A senior Armenian official says Armenia and Azerbaijan negotiated a cease-fire to end a flare-up of fighting that has killed 155 soldiers on both sides
YEREVAN, Armenia — Armenia and Azerbaijan negotiated a cease-fire to end a flare-up of fighting that has killed 155 soldiers from both sides, a senior Armenian official said early Thursday.
Armen Grigoryan, the secretary of Armenia’s Security Council, announced the truce in televised remarks, saying it took effect hours earlier, at 8 p.m. (1600 GMT) Wednesday. A previous cease-fire that Russia brokered Tuesday quickly failed.
Several hours before Grigoryan’s announcement, Armenia’s Defense Ministry reported that shelling had ceased but it didn’t mention the cease-fire deal.
There was no immediate comment from Azerbaijan’s government.
The cease-fire declaration followed two days of heavy fighting that marked the largest outbreak of hostilities between the two longtime adversaries in nearly two years.
Late Wednesday, thousands of protesters took to the streets of Armenia’s capital accusing Prime Minister Nikol Pashinyan of betraying his country by trying to appease Azerbaijan and demanding his resignation.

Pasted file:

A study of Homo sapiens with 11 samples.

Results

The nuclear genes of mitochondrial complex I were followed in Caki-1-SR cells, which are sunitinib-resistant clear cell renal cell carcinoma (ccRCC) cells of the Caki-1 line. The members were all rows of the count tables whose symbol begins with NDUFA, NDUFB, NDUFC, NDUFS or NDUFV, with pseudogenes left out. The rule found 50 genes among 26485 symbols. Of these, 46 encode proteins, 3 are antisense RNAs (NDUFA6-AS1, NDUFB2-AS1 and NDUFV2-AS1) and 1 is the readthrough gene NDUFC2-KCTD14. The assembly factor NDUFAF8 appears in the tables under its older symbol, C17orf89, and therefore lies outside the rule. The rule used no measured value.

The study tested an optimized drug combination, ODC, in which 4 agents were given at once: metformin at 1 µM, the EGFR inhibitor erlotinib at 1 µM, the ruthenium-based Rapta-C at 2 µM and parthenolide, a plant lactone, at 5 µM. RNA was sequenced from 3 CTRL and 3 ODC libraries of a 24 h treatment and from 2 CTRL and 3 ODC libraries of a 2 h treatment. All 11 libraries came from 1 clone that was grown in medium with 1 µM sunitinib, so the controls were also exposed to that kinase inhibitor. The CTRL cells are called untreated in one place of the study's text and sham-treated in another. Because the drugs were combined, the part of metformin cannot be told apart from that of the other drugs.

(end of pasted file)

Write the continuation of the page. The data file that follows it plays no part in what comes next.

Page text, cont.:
Armenia and Azerbaijan traded blame for the hostilities, with Armenian authorities accusing Baku of unprovoked aggression and Azerbaijani officials saying their country was responding to Armenian shelling.
Pashinyan said 105 of his country’s soldiers had been killed since fighting erupted early Tuesday, while Azerbaijan said it lost 50. Azerbaijani authorities said they were ready to unilaterally hand over the bodies of up to 100 Armenian soldiers.
The ex-Soviet countries have been locked in a decades-old conflict over Nagorno-Karabakh, which is part of Azerbaijan but has been under the control of ethnic Armenian forces backed by Armenia since a separatist war there ended in 1994.
During a six-week war in 2020, Azerbaijan reclaimed broad swaths of Nagorno-Karabakh and adjacent territories held by Armenian forces. More than 6,700 people died in the fighting, which ended with a Russia-brokered peace deal. Moscow deployed about 2,000 troops to the region to serve as peacekeepers under the deal.